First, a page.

Don't make khat a class-C drug, MPs urge government
But the Home Affairs Committee say this is contrary to scientific advice that it causes no social or medical harm.
The UK could become a khat-trafficking hub if it is not banned, ministers say.
The home secretary announced in July that the plant would be controlled under the Misuse of Drugs Act.
This came after the Advisory Council on the Misuse of Drugs concluded in January that it should not be banned, as there was "insufficient evidence" it caused health problems.
'Potential friction' The government's Frank drugs advice website warns that khat, which is said to give users a feeling of alertness and happiness, can also cause insomnia, high blood pressure and constipation and suppress the appetite.
But the Home Affairs Committee's chairman, Labour MP Keith Vaz criticised the government's stance, saying: "It is extremely worrying that such an important decision has not been taken on the basis of evidence or consultation.
"The expert Advisory Council on the Misuse of Drugs conducted a thorough review of the evidence and concluded that no social or medical harm resulted from the use of khat. We support the advisory council's findings."
Mr Vaz said the best solution would be to introduce a licensing system for importers as a "middle way" between unregulated trade and an outright ban.
He added: "The UK should not become a hub for the distribution of illegal khat. It is wrong to place legal importers in the impossible position of choosing between a life of potential hardship or one of crime.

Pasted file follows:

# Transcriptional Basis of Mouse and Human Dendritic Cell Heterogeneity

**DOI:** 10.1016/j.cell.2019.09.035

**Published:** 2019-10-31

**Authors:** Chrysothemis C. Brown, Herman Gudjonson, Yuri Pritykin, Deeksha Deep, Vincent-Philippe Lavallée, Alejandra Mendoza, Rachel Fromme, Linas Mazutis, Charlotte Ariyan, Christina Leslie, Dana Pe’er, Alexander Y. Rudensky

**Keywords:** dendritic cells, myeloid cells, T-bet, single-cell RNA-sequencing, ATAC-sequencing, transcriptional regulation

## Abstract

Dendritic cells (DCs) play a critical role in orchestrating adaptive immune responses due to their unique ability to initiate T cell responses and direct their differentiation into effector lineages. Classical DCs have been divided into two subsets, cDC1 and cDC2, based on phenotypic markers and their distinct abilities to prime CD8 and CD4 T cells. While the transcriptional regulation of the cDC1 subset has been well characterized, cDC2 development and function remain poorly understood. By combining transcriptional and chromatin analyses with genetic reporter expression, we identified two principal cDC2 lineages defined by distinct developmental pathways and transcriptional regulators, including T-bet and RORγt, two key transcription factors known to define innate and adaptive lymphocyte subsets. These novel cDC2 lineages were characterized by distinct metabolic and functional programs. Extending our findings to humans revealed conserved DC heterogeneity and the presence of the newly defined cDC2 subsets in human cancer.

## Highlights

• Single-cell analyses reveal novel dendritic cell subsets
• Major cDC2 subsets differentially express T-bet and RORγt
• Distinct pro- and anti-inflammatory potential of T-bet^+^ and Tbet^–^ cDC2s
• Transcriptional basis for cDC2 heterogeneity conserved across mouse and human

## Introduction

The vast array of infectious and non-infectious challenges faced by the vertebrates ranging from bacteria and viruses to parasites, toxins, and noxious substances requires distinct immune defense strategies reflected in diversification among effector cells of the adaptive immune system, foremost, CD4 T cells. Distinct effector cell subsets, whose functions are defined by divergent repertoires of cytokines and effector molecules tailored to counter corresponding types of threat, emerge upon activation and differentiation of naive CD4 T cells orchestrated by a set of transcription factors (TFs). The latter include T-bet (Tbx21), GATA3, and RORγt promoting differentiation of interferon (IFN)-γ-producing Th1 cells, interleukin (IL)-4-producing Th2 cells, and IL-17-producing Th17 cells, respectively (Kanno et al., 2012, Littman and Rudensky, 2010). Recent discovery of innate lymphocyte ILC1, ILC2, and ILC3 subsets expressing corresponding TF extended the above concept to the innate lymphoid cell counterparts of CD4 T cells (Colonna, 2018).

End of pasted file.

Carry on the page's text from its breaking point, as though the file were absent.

"It is baffling that potential friction, between already disadvantaged communities and the police, has not been fully considered."
Mr Vaz also warned that a ban in the UK could result in an increase in membership of the Somali militant group al-Shabab among young men previously employed in the khat trade.
About 2,560 tonnes of khat, worth £13.8m, was imported to the UK in 2011-12.
It is already banned in most of Europe and in a number of other countries, including the US and Canada.
Mrs May announced her decision to ban it in July, saying that, otherwise, the UK risked "becoming a single, regional hub for the illegal onward trafficking".
People caught in possession of a class-C drug can be sentenced to up to two years in prison and face an unlimited fine. Dealing or supplying can mean up to 14 years in jail.